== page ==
4 MIN READ - What will be the new normal for retailers in a COVID-19 world? That’s the question Chicago Loop Alliance explored with its June 25 Downtown Futures Series: Retail Reset webinar. View a recording of the full presentation here.


Panelists Michael Berne (President, MJB Consulting), Tamala Ballard (Retail Property Manager, Catalog at Willis Tower, EQ Office), and I Ying Tsai (Area Manager for Illinois, UNIQLO) addressed hundreds of virtual attendees from around the world and answered questions moderated by David Broz (Principal for Gensler and member of the Chicago Loop Alliance Board of Directors).

06.25 Social Slide with play button WEB SIZE

The event began with Berne examining the current retail landscape, both in the Loop and nationally, and what that landscape may look like in the future. While retail in the Loop seems bleak—given that much revenue comes from tourists, workers, and students who are largely not in the Loop now because of the pandemic—downtown Chicago is actually in a better position than many retail districts. The Loop has national and international chains with relatively strong balance sheets. The stores in the Loop are also accessible, with moderate price points that will serve consumers well during a recession. Some stores in the Loop, like TJ Maxx and Ross, don’t even offer online shopping and rely instead on the “treasure hunt” experience of browsing and buying in-store.

And while much has been said about brick and mortar retailers losing out to online shopping, Berne said e-commerce is in fact a money loser due to costs of shipping, customer acquisition, and returns. Even Amazon barely ekes out a small profit on e-commerce, and that Amazon has opened physical locations should be a sign that online shopping is not the end-all, be-all. So while shopping online for delivery and curbside pickup was a necessary adjustment for retailers to make during the COVID-19 pandemic, Berne said in-store shopping is likely here to stay in the long-term.

After Berne’s presentation, Tamala Ballard offered an update on the development of Willis Tower. Construction has continued during COVID-19 on the Wacker lobby, Jackson entrance, new retail space, tenant amenities, and building modernization projects including a full redesign of its vertical transportation. The terrace will be open to the public late this summer—perfect timing for people seeking safe, outdoor places to spend time.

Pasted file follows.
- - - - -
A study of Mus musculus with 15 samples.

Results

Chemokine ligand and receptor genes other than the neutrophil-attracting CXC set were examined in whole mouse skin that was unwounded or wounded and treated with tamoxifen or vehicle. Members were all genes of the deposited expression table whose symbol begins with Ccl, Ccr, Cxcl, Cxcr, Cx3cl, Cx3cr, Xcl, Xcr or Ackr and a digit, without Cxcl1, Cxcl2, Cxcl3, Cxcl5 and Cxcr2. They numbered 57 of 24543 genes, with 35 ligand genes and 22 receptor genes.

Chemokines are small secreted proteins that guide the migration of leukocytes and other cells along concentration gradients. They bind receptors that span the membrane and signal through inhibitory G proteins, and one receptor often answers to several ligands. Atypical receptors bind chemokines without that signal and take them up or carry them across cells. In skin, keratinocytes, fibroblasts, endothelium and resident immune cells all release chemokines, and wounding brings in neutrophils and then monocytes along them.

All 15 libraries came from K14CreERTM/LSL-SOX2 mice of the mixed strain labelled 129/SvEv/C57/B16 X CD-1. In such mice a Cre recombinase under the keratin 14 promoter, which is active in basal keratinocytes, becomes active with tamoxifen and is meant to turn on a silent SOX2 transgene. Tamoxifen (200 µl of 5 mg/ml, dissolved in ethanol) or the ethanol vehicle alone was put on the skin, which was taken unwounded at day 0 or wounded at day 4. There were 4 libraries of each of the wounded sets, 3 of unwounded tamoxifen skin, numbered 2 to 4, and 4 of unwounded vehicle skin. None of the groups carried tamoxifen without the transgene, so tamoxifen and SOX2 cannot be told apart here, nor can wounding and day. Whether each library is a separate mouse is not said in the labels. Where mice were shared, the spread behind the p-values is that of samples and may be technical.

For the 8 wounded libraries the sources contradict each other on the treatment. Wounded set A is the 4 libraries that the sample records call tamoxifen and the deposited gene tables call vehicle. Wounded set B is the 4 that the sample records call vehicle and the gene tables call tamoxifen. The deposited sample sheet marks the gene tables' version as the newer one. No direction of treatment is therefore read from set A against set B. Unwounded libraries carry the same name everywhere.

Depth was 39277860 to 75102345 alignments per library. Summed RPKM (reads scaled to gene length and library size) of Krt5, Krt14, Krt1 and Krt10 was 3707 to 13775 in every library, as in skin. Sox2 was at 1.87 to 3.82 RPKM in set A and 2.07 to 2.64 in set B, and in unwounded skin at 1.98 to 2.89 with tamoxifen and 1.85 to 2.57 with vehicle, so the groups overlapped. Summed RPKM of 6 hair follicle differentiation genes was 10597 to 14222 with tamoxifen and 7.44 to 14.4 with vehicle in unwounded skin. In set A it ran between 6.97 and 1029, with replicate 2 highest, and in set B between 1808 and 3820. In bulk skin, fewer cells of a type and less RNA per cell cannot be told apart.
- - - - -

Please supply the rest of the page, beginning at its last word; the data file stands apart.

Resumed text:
And last, I Ying Tsai spoke on the adjustments UNIQLO has made and continues to make in response to COVID-19. She shared a timeline beginning March 16, when Illinois stores closed completely. Toward the end of April, non-essential businesses were allowed to offer curbside pick-up. Tsai said while customers were already familiar with this experience—popularized by places like Target, grocery stores, and restaurants—UNIQLO had never offered it before. In the end, they began offering pickup in early May with special attention paid to a safe and comfortable customer experience. Now, stores are open for in-store shopping with strict guidelines in place.

Tsai said the most important thing was to be aware of what customers needed in order to feel safe, and to not only carry out those things, but communicate them through in-store signage, the UNIQLO website, and other marketing and communications. UNIQLO has also created a shopping experience that is as simple as possible, to allow for customers to get in and out quickly.

After presentations, David Broz led a question-and-answer session with all three panelists, using questions submitted by attendees. The Q&A delved into the idea of online tools and in-person experiences working together rather than against one another; the responsibility of building owners and managers to work with retailers to keep them open; tech’s role in managing lines to get into stores; and more.

The conversation ended on the topic of retail’s role in social justice issues. The killing of George Floyd and other unarmed Black people, and the subsequent protests and unrest, have impacted individuals as well as businesses of every sector, including retail. Ballard said retailers not only have a responsibility to hire Black employees, but to train those employees and provide opportunities for advancement. Additionally, retailers have work to do to ensure a diverse demographic feels welcome and safe in their stores.

In the case of business districts like the Loop, possible store closures and vacancies caused by COVID-19 may provide an opportunity to reshape the retail landscape of downtown Chicago in a way that prioritizes diversity, equity, and inclusion. Downtown management organizations like Chicago Loop Alliance have a responsibility to work with retailers and other business professionals to ensure the district serves a wide variety of needs. Not only is it the right thing to do, but it’s just good business.